Omicron surge is leaving essential frontline workers frustrated and exhausted: report

Omicron surge is leaving essential frontline workers frustrated and exhausted: report

The internet and the digital revolution have made it possible for millions of people to work from home, which has become even more appealing during the COVID-19 pandemic. But workers who need to be physically present in brick-and-mortar businesses don’t have that option, and the highly infectious Omicron variant is only making their jobs more difficult. Business reporter Nathaniel Meyersohn, in an article published by CNN’s website on January 13, examines some of the difficulties essential frontline workers have been facing as Omicron continues to surge.

“The latest COVID-19 surge has caused many workers to get sick, while others are calling out because their child care plans are in flux as some schools are closing again,” Meyersohn explains. “And some employees are staying home because they are fearful about catching the virus on the job. Facing staffing strains, retailers such as Macy's (M) have shortened their operating hours.”

The reporter adds, “Retail and grocery store workers have faced challenges and safety hazards throughout the pandemic — they are paid low wages and often work for companies without strong paid sick leave policies or benefits. They have also dealt with angry and sometimes violent customers who refuse to wear masks, shoplifting and store shootings. These factors have contributed to the millions of unfilled jobs in the industry as well as a nationwide labor shortage.”

According to Mariah Molina, an employee of a Target store in Lynchburg, Virginia, Omicron has been making her job more and more demanding.

“We’re still getting a whole lot of orders every day,” Molina told CNN. “It's harder because we don't have as many people helping us.”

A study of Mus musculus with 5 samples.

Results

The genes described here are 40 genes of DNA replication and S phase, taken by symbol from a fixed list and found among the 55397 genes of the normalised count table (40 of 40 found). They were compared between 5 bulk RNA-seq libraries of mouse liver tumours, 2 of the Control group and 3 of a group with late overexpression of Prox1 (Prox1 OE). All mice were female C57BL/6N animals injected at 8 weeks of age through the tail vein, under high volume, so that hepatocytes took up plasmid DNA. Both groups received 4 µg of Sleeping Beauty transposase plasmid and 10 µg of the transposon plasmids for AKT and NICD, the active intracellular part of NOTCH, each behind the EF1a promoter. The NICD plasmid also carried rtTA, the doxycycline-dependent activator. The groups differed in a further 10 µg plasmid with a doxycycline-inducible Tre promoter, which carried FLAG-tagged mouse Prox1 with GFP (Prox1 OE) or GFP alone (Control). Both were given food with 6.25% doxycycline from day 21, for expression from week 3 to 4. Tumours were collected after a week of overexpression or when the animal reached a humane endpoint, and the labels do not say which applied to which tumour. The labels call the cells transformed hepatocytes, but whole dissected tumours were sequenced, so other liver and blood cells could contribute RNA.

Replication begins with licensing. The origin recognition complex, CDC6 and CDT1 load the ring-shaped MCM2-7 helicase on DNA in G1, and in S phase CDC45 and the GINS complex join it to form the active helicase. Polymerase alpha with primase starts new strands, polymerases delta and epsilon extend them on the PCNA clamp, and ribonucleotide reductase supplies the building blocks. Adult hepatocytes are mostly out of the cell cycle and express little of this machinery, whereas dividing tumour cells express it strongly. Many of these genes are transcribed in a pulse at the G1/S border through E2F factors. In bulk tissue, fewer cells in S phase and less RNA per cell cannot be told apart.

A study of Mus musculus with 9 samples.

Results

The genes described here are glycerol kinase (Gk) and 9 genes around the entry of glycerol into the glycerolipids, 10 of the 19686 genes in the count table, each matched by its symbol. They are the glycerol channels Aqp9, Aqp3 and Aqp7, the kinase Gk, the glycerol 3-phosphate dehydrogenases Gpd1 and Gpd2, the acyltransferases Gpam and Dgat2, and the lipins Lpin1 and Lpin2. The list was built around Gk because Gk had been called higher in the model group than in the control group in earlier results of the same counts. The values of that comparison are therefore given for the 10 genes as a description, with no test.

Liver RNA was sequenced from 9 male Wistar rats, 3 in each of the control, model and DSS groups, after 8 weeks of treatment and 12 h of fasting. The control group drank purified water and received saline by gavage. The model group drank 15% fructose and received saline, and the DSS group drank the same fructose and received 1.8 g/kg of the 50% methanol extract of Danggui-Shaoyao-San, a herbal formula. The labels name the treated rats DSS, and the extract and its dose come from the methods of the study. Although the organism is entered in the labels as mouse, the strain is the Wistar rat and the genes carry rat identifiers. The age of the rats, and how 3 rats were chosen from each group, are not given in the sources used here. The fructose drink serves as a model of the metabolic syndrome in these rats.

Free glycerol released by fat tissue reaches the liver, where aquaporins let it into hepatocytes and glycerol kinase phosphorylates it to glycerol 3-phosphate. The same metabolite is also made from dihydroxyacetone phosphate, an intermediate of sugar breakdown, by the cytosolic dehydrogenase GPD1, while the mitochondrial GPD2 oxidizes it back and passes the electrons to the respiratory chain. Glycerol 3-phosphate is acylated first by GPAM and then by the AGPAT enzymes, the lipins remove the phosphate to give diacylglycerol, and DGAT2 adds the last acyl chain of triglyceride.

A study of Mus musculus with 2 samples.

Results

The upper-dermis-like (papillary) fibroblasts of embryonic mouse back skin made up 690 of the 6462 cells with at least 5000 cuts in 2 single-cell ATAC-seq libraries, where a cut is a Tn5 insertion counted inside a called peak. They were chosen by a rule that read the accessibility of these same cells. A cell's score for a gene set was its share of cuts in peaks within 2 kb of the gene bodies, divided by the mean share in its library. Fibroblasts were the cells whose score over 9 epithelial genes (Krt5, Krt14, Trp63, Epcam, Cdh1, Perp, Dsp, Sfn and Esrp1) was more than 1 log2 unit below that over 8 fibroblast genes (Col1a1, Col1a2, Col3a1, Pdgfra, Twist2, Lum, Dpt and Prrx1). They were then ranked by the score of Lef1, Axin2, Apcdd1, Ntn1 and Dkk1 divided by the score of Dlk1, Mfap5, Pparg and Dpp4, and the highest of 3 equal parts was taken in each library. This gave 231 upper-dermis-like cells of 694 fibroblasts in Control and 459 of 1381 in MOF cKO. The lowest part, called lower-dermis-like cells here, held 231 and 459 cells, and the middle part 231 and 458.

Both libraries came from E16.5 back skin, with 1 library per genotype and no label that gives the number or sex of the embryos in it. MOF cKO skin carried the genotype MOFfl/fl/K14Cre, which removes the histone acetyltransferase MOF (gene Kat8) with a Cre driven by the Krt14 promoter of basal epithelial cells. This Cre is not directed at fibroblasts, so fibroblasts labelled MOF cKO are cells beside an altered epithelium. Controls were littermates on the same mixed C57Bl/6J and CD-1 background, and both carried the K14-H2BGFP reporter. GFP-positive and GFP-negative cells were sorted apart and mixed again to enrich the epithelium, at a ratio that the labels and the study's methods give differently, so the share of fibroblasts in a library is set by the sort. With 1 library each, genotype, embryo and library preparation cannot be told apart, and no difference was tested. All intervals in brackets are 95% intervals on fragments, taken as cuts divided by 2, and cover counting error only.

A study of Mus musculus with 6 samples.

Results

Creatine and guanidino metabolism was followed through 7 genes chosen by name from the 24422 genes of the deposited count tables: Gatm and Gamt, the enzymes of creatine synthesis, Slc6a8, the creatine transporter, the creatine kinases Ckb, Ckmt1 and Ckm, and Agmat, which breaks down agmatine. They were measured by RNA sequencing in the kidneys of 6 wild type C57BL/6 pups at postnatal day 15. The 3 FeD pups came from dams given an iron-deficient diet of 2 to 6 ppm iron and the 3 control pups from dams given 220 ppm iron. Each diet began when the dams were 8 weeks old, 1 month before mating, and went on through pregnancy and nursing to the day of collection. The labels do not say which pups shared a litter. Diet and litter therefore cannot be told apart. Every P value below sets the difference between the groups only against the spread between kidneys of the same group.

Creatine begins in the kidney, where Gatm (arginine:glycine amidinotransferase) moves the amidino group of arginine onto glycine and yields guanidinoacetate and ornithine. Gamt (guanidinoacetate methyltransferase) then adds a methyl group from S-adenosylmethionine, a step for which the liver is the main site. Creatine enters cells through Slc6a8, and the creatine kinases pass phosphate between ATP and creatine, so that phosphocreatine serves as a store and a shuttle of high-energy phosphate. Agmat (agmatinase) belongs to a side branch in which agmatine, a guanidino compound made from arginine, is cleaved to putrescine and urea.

The COVID-19 pandemic has been harsh for brick-and-mortar retailers in a variety of ways, from employees getting sick to supply-chain issues. When it is more difficult to get products from Point A to Point B, empty shelves become more common.

Sam Dancy, a 30-year employee of the QFC chain in Seattle who is now a supervisor, described himself as both frustrated and exhausted.

Dancy, who is African-American, told CNN, “Every day has been a struggle. I feel like I’m overexerting myself. I’m constantly tired.”

Meyersohn notes that a “disproportionate” number of frontline workers in the United States are female or non-White — or both.

“Around 29% of White workers are able to work from home, according to an Economic Policy Institute study in 2020,” Meyersohn observes. “But fewer than one in five Black workers and roughly one in six Hispanic workers can work from home. Frontline industries are staffed disproportionately by women and people of color, and they are overrepresented in many jobs within those industries, according to the Center for Economic and Policy Research report in 2020.”

Meyersohn continues, “For example, women, who make up 47.4% of the nation’s overall workforce, account for 50.5% of the nearly seven million grocery workers. Black people represent 11.9% of the workforce, but account for 14.2% of grocery employees.”